Ares & Emzy Photography
Photographing Pets & Their People


Pet Photography with Ares & Emzy Photography: Part 1 - Preparing for your Pet Photo Session

I have two goals for our pet photography sessions:

  1. For you and your pet to have a great time
  2. For me to capture the true essence of your pet’s personality and your pet’s relationship with you

I am most inspired by Gary Parker’s work because it is real.  The animals are at home, enjoying their people in a familiar environment. This is especially important for cats and other small pets that don’t leave the house.

If you are planning to be in the photographs with your pet (and I really hope you are) you will want to look at my previous blog, What to Wear to a Photo Session.



Next, let's talk about getting your pet ready for the photo session.  There are some great tips in this article by Peter Kolonia that I use as a photographer.  It is a great read for clients because it provides a “behind the lens” perspective on what I am trying to achieve during a photo session.

First, you will want to think of grooming your pet. That may be a bath, but at a minimum, it should be a good brushing. Be sure to clean any dried tears from around their eyes. Next, you will want to consider exercise. For dogs, a little bit of exercise and a potty break is in order about 30 minutes before the photo session. For is best to let them have a very typical day, in fact, to not play with them at all so they are especially active when the cat toys do come out.

Treats: For a dog photo session, it is best to reduce the pup’s food by 1/8 to 1/4 cup of food then retain that amount of kibble for the photo session to be used as rewards. We will want to avoid commercial dog treats such as full sized Milk Bones as our session will likely be more than an hour and that would amount to an excessive amount of food. For cats and other pets, treats are not usually a factor, but if your cat and other pets do perform for treats, be sure to have them available.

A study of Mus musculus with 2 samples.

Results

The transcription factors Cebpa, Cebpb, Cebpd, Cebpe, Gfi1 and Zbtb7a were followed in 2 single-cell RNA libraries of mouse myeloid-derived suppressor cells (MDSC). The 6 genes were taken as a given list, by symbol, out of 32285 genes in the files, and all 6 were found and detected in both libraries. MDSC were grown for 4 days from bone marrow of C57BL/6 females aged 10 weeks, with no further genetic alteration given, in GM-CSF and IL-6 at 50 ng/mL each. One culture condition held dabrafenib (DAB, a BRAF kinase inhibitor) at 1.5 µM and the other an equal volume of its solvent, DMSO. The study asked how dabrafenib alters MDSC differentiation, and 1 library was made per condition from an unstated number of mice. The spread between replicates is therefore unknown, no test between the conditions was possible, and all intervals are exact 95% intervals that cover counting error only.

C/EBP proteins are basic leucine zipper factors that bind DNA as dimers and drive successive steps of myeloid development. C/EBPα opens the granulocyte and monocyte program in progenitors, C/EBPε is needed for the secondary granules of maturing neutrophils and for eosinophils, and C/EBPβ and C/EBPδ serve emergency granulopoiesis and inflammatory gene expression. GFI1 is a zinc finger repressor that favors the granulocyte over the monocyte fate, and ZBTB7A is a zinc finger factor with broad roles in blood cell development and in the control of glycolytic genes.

The first thing I will do when I come into your home is to put my bag down, open it up and allow your pet to freely investigate. Rest assured that my bag is pet proof and there is nothing your pet can damage. It is important for you to allow your pet to get used to me and my equipment without any discipline—so just let them investigate.

While I am having a pleasant conversation with you, I will set up any lights I may need. Our pets are in tune to their owner’s comfort levels and tones of voice.  So, our conversation should be light and upbeat.

The next thing I will do is to pick up my camera and allow your pet to sniff, smell and even paw if they are so inclined, all while the camera is in my hands. Your pet needs to know that the person holding “that thing” is a friend. Once they approach and are comfortable with me holding the camera and pointing the camera at them, I will click the shutter and I may activate the lights/flash…while presenting a treat. This is critical. Dogs are frequently afraid of lightening—they need to understand the source of the flashed light and be rewarded for putting up with the flash.  If I see the pet react negatively to the flash, I will most likely opt to go without.

In the next blog, I will talk about how you can help me to achieve the action shots and pet portraits you will find in my portfolios, For the Love of A Working Dog, and Pet Photography.